Less Impact and Mechanical Work in Forefoot Running

Smaller vertical displacement allows for both low impact and mechanical work in forefoot running as compared with heel strike running.

Less Impact and Mechanical Work in Forefoot Running
Less impact in forefoot running is, in part, attributed to a closer distance between the upper body (center mass) and initial foot strike position at touchdown.

Less Impact and Mechanical Work in Forefoot Running

Forefoot Strike Vs Heel Strike

Because of its effects on the vertical displacement of the center mass (bouncing while running), a forefoot strike landing when running is the original vehicle for low mechanical costs.

In a forefoot strike, a smaller vertical displacement of the center mass reduces mechanical costs and impact shock as compared with heel strike running, suggesting that heel strike runners may overwork themselves and get injured.

Indeed, most runners bounce when they run. However, heel strike running causes excessive bouncing which wastes energy. By comparison, elite runners, most of which are non-heel strikers, have considerably less vertical displacement of the center of mass than most joggers who heel strike. A higher step rate also allows elite runners to have less bounce, suggesting that elite runners have quick limb displacement speed around the center of mass. Therefore, you may need to jack up your cadence to gain more efficiency.

Low impact in forefoot running
Elite runners who forefoot strike do bounce, but it’s an elastic bounce which may be more efficient as compared with heel strike runners who utilize a mechanical bounce.

In addition to step rate being higher in forefoot running, the lower extremities are also more flexy and bendy which helps minimize the vertical displacement of the center of mass. Because of this, forefoot runners are more proficient at minimizing mechanical costs than heel strike runners.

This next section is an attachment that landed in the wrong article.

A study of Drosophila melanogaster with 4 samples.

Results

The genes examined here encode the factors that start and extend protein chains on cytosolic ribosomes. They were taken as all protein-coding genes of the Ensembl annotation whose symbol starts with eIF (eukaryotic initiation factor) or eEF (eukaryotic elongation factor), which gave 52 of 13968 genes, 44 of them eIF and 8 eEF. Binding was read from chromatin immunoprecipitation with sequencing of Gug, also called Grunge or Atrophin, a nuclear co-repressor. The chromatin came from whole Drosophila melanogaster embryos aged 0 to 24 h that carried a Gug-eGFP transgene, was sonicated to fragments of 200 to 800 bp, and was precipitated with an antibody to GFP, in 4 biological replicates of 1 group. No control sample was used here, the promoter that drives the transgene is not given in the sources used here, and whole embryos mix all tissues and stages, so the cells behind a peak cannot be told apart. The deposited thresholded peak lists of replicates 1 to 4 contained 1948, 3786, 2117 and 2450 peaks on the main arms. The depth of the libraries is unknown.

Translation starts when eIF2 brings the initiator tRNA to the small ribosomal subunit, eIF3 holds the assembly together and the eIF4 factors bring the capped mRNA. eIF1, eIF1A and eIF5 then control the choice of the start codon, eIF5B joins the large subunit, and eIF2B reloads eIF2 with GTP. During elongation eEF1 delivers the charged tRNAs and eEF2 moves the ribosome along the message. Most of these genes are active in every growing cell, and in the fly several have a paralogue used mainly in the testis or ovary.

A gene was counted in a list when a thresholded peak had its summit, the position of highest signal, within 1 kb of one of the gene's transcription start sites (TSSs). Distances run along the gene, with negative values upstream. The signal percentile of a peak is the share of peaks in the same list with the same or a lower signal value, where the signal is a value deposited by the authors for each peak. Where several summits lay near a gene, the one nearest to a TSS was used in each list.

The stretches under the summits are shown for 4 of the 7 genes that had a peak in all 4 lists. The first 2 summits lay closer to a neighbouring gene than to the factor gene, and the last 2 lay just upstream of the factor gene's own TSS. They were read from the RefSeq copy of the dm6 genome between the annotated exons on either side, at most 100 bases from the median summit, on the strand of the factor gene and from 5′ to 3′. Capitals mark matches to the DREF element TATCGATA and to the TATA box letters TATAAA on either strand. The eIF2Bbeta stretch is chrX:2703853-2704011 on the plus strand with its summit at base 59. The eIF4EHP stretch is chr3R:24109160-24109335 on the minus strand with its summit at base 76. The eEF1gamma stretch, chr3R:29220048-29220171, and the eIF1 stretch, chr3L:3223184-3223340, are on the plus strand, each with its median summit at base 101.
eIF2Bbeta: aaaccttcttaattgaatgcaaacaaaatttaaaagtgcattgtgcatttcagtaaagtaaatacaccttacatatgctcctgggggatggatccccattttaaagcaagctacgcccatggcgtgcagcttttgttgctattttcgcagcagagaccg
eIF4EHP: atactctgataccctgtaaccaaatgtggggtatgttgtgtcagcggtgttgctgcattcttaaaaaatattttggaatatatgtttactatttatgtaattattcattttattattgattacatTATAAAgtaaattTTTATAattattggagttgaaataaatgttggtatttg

• This revelation was confirmed by Slawinski and Billat (2004) who found that runners with the greatest vertical displacement of the center of mass had the weakness limb displacement speed around the center of mass, which resulted in higher mechanical costs.
  • This means that runners who have slower leg-swing action (i.e. lower stride rate) have greater, mechanical bounce during running.

The researchers compared the mechanical and energy costs for three groups of runners with different levels of training (well-trained, average, non-trained runners). The researchers found that well-trained runners had less vertical displacement of the center of mass, a higher stride rate and had less potential mechanical cost as compared with the other groups.

As for impact reduction, a smaller vertical height of the center of mass during the flight phase of running reduces impact shock when the foot strikes the ground (Farley and Gonzales). Their findings add evidence to the theory that forefoot running is the root of performance and impact protection optimization.

  • The researchers believe that limiting fluctuations in the vertical displacement of the center of mass may be a self-optimizing mechanism to soothe body-ground interactions during the early portion of the support phase.

Overall, forefoot running naturally increasing step rate and lessens vertical bounce which could help ease high impact landings in runners who struggle with pain and injury.

More From Run Forefoot:

Be sure to head on over to the Run Forefoot Facebook Page, it’s a great place to ask questions about forefoot running and other related topics. I’d be happy to answer them for ya!


References:

Farely , C., and O. Gonzalez . Leg stiffness and stride frequency in human running. J. Biomech. 29:181–186, 1996.

Slawinski JS and Billat VL. Difference between mechanical and energy cost between highly, well and non-trained runners. Med Sci Sports Exerc, 2004; 36(8):1440-1446.

Bretta Riches

Bretta Riches

"I believe the forefoot strike is the engine of endurance running..."

BSc Neurobiology; MSc Biomechanics candidate, ultra minimalist runner & founder of RunForefoot. I was a heel striker, always injured. I was inspired by the great Tirunesh Dibaba to try forefoot running. Now, I'm injury free. This is why I launched Run Forefoot, to advocate the health & performance benefits of forefoot running and to raise awareness on the dangers of heel striking, because the world needs to know.
Bretta Riches

P.S. Don't forget to check out the Run Forefoot Facebook Page, it's a terrific place to ask questions about forefoot running, barefoot running and injury. I'm always happy to help!